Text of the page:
Acute renal colic is a form of sudden and severe flank or side pain that typically starts in the lower back and can radiate around the front of the body and toward the abdomen or groin. The most common cause of renal colic is a kidney stone that gets stuck while traveling from the kidney through the ureter, the narrow tube that carries urine from the kidney to the bladder.
The amount of pain is not related to how large the stone is or the extent of the obstruction, but smaller stones are often easier to treat as there is a better chance of them passing on their own.
There are three ways kidney stones can cause renal colic. The most common is the stone getting stuck and causing increased pressure in the mucosa or lining of the ureter. Stones can also cause renal colic by irritating the lining of the ureter, or they can cause stretching and edema, which can block urine flow.
Pain is the most common symptom of renal colic, and it usually comes on suddenly and is not relieved by position changes or over-the-counter pain medication. Symptoms usually appear at night or early in the morning, often awakening the person. That said, symptoms can appear during the day, but in these cases, the pain usually occurs more gradually and may follow heavy exercise.
About a third of patients with renal colic have severe pain within 30 minutes of first noticing any symptoms at all. The pain can last anywhere from four to 12 hours, and it may be dull and continuous, accompanied by periods of increased intensity.
In addition to pain, people with renal colic may experience a loss of appetite, nausea, and vomiting and typically have an elevated heart rate and blood pressure. Chills and fever are not typical signs of a kidney stone or renal colic and may indicate an infection, especially if accompanied by low blood pressure.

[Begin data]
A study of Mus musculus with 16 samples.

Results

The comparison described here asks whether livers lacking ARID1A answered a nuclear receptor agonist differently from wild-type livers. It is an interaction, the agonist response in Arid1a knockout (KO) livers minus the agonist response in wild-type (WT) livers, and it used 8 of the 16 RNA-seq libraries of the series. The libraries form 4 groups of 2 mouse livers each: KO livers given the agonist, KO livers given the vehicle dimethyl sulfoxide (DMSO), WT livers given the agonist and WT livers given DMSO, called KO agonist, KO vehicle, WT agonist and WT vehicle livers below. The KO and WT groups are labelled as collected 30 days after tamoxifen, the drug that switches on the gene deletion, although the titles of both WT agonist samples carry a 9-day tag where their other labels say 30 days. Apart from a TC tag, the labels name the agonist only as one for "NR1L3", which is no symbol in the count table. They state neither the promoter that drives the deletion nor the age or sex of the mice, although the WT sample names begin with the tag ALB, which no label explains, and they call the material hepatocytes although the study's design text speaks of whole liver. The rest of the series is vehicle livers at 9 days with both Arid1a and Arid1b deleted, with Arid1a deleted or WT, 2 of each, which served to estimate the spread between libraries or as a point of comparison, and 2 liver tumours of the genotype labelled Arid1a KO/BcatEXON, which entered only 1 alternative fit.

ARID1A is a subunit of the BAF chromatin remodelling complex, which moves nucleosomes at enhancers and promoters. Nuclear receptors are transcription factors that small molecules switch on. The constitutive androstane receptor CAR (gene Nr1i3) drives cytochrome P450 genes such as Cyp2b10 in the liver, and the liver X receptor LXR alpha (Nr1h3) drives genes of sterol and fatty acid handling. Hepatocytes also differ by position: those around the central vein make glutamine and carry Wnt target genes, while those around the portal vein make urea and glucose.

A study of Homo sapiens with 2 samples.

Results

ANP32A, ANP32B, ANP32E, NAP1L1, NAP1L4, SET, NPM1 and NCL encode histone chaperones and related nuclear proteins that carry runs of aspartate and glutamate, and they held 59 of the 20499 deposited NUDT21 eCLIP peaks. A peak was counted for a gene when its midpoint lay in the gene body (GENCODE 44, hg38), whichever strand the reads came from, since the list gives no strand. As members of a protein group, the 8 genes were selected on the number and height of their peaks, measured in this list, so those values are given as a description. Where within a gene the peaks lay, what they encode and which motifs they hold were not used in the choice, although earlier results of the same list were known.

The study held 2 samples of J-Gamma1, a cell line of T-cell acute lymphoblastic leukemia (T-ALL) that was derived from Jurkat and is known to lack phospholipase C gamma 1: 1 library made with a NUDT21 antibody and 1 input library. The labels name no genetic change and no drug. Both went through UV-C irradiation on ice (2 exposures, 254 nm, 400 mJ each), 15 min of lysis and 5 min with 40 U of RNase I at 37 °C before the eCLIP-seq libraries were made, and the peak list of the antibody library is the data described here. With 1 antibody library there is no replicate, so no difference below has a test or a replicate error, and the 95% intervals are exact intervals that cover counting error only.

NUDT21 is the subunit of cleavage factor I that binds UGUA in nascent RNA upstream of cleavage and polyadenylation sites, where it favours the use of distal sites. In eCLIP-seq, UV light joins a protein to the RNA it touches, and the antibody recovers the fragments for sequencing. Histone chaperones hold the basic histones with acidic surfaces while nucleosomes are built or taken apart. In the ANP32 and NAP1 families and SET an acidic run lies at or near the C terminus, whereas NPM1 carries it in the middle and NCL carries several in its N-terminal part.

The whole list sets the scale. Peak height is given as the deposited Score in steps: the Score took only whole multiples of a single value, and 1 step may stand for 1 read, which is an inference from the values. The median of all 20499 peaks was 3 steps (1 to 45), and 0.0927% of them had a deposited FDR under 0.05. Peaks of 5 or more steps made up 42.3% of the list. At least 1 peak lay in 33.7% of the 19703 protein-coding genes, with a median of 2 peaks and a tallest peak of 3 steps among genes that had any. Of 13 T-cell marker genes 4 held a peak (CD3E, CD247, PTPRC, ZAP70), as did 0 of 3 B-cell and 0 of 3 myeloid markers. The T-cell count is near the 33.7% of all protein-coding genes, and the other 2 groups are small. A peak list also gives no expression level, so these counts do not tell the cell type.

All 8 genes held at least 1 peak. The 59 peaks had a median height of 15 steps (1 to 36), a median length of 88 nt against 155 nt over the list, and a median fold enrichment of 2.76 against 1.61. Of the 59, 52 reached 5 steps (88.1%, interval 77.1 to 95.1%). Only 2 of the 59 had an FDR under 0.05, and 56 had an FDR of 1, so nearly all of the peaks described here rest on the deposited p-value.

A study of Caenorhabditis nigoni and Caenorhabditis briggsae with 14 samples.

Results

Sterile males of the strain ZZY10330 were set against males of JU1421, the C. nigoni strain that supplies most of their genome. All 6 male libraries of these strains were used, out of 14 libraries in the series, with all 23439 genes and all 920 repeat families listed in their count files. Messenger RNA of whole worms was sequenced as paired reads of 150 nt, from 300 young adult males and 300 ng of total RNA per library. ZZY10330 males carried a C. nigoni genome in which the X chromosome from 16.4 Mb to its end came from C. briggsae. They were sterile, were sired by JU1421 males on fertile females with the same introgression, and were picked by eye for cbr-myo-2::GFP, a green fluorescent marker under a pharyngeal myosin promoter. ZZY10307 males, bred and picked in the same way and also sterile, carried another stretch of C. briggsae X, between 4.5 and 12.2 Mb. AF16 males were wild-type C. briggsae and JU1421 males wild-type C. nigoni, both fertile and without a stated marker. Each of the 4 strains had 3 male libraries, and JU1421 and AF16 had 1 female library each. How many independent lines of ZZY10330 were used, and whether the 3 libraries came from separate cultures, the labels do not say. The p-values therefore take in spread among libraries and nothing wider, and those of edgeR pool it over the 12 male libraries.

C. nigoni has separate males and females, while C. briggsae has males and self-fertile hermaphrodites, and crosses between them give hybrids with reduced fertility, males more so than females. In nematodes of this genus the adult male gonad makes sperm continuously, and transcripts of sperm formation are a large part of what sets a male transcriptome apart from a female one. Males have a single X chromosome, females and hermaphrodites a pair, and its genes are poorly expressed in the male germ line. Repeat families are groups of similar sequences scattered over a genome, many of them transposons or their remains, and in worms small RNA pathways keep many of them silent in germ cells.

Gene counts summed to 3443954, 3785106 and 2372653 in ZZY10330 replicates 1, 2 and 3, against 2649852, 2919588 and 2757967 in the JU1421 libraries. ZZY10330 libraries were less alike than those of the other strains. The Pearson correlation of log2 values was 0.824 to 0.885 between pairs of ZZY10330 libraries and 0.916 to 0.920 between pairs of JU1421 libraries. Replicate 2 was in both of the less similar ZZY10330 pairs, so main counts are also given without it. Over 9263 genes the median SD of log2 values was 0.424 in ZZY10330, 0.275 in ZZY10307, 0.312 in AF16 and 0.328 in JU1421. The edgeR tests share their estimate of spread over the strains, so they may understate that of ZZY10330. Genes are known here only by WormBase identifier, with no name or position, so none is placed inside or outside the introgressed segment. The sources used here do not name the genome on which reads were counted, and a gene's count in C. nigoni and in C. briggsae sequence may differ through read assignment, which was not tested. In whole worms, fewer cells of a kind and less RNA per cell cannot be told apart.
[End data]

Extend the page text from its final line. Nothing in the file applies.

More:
Kidney stones are the most common cause of renal colic. Risk factors for developing kidney stones include a family or personal history of kidney stones, dehydration, obesity, inflammatory bowel disease, gastric bypass surgery, frequency urinary tract infections, and diets high in protein, sugar, and salt.
Diagnosing renal colic involves a combination of history and physical exam, lab tests, and imaging. About 85 percent of people with renal colic from a kidney stone have blood in their urine. X-rays of the kidneys and urinary tract and CT scans can show the number of stones, as well as their size and location and the degree of blockage.
Initial treatment of renal colic focuses on reducing pain, typically with IV NSAIDs and opiates, as patients with renal colic are often unable to tolerate taking anything by mouth. IV fluids may be necessary to prevent dehydration, not to help them pass the stone.
Most kidney stones pass on their own—about 90 percent of stones smaller than 6mm and 59 percent larger than 6mm. Some medications can help pass kidney stones if they are low enough in the urinary system, though this approach is of little use for larger stones. To eliminate those, the patient may need shock wave therapy, a urinary scope with laser treatment to break up the stone, or open surgery.
The best way to prevent renal colic is to prevent kidney stones, which you may be able to do with some simple lifestyle changes. For many people, adequate hydration is the best approach. People who do not have kidney failure should drink between 48 and 64 ounces of water a day.
Those who live in hot climates or exercise and sweat a lot will need more. The goal should be to produce between two and 2.5 liters of urine every day.
If kidney stones and renal colic are left untreated, complications can occur. The obstruction and subsequent irritation and inflammation that cause renal colic can cause urine to back up into the kidney.
If the ureter or any part of the urinary tract is completely obstructed, it can eventually lead to a loss of renal function. Infection is also a risk with obstruction and can be life-threatening.
After someone experiences renal colic, they will likely need a follow-up evaluation within a week or two to determine if they are at risk for developing another obstruction. After about six weeks, doctors may do blood and urine tests to determine what caused the stones and what the patient can do to prevent more from forming, but as many as 50 percent of people who have had a kidney stone episode will have another within ten years.